I wouldn't sew for beans, either!
Really great stuff!You have some cool innovations like the semi rigid tube and the tree straps.
I think it would be cool to have a tube like that w/ a mesh section on top for stargazing and then a small rainfly on top that you could quickly install if need be. It would be like my GF's tent: Sierra Designs: Tents: Sirius 3 Perhaps you could use a poncho and tie it like a 'flying diamond' from the tree to one of the loops on top of the tube. Working on drawing this right now...
Here are some drawings of this idea...Again, really nice looking gear!
I had thought of putting a closable mesh section (ala the Clark Weathershield - dual layers of mesh/sil with a zipper) on the head end for stargazing, and just for being able to look around camp without pulling back the head end. Also, for condensation concerns (Griz also suggested this).
Conditions the first night out were still, temp 34 degrees, scattered showers and frost on ground and tarp come morning. Conditions second night were 37, slight breeze and scattered showers. Vent on sock due to seperate tieout for bugnet on DD was about two inch wide by 12 inch high, and mostly above and behind my head. In a regular tent, I would most likely have experienced condensation on the first night, but not on the second due to the slight breeze and the slit venting around the drawstring opening.
That's a pretty good test for condensation issues. If it was a 'condensation trap' you would have seen it on those nights.
Did you have any issues with loose fabric flapping in the breeze and making noises?
These 'experience' issues always brings a smile to my face as I recall the first long distance backpacker I got to spend a few days on the trail with... Rotten Rodney. He would laugh at some of my gear and talk of 'combat conditions'. He was right and he was a great guy, he taught me that I didn't have everything figured out that I thought I did. Conditions vary so much and what works best in one set of conditions might not work very well in another set of conditions. That was the first and most important lesson. Another lesson was to always hold on to one end of the bear line when you throw it... I think he probably wet himself laughing over that one.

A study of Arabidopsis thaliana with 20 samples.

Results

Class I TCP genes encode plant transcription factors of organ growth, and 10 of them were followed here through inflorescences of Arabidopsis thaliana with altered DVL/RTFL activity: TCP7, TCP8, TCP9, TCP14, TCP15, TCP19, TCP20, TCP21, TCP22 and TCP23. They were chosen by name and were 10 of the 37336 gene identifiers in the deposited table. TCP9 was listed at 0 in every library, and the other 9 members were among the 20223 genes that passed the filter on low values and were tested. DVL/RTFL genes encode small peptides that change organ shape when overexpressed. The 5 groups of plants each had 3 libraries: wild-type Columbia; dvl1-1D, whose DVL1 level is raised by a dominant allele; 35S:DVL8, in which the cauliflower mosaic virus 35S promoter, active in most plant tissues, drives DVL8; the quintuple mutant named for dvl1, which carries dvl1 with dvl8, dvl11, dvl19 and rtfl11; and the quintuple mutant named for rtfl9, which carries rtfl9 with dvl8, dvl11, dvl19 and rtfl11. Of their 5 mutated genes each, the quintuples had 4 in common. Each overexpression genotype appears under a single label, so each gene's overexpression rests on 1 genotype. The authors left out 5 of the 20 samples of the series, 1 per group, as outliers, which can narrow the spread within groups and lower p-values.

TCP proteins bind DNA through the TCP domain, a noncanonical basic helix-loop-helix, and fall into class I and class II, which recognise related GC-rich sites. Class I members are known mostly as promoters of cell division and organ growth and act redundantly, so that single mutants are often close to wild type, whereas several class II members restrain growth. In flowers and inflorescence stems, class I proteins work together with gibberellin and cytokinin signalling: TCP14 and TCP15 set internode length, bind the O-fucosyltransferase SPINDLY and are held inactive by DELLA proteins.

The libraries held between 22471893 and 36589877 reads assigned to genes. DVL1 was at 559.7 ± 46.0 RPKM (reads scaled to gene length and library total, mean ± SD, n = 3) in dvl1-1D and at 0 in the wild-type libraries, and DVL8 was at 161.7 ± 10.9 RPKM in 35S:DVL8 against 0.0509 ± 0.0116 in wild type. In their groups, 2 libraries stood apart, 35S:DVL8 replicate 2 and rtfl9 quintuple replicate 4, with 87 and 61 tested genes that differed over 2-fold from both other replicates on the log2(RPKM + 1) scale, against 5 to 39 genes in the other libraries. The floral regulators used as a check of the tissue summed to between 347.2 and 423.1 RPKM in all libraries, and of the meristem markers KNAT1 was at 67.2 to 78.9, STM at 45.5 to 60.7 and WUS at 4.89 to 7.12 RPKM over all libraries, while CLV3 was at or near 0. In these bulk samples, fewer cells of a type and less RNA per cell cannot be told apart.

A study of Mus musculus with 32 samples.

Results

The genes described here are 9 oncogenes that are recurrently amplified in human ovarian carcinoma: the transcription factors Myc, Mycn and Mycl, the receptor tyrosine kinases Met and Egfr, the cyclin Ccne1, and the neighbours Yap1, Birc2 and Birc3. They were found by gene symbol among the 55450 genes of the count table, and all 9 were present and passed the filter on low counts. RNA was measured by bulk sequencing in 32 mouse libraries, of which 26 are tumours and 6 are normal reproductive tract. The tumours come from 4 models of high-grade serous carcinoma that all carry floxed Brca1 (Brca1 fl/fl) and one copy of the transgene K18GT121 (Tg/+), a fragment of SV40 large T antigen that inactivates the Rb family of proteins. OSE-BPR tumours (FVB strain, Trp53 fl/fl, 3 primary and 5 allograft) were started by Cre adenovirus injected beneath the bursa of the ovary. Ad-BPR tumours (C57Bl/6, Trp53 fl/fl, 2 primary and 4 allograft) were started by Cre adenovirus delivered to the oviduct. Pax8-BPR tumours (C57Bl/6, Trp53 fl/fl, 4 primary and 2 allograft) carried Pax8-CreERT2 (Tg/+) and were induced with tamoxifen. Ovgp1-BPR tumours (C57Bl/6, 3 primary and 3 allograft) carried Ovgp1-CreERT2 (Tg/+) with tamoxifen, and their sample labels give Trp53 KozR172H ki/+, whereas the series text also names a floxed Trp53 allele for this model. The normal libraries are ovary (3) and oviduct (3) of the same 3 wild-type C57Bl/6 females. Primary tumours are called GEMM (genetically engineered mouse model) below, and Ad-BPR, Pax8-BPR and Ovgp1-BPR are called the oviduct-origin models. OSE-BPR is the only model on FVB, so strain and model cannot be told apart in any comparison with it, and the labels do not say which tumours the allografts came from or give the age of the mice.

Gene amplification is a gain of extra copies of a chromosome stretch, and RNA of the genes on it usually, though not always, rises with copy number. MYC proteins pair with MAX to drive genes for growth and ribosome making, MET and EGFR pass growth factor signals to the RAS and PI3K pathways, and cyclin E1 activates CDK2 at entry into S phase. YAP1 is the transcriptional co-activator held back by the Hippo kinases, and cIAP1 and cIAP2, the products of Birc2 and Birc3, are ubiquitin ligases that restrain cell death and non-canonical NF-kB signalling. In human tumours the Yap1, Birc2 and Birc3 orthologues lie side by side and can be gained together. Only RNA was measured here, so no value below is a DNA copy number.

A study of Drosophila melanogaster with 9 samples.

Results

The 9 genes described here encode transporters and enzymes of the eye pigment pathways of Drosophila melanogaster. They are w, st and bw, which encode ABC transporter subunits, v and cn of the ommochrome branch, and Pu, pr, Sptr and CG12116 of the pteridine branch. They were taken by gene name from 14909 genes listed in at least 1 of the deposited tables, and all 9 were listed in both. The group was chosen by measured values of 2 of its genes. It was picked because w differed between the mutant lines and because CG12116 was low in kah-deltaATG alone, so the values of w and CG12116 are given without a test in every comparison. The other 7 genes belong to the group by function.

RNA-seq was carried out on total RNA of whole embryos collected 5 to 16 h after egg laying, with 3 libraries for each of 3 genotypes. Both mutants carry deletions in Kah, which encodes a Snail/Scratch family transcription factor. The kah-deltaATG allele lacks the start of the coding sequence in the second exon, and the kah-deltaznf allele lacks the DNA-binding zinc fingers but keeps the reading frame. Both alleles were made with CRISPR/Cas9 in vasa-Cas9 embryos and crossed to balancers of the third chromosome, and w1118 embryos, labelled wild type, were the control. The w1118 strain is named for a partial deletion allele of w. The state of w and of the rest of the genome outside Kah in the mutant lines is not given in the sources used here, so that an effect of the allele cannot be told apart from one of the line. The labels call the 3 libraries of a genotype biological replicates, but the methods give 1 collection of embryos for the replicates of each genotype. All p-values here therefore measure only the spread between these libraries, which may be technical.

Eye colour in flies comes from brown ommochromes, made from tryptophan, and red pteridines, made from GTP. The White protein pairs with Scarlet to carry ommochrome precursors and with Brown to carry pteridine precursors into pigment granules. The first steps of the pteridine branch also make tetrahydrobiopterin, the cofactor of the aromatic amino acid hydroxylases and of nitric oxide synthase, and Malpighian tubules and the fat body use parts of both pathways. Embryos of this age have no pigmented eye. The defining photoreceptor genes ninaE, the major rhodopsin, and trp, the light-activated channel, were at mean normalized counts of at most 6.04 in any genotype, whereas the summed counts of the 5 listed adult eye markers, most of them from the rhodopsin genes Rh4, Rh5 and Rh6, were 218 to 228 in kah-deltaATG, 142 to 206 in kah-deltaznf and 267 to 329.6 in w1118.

One of the pictures I posted was of the side tie-out nearest my head area. I added a velcro cable cinch tie there, so that after I entered the hammock, I could cinch the tent/sock tighter on the head end.
There is some work to be done yet, to be sure. Now that I have version 1 done, I have some digital ripstop nylon that I'd like to redo this experiment with, and make it a little "stealthy". I had to do my proof of concept first. One of the pictures is of the little scale model I made when the idea popped into my head. Now I'm doing a scale model of my Clark tarp for the mods that I'm going to make to it.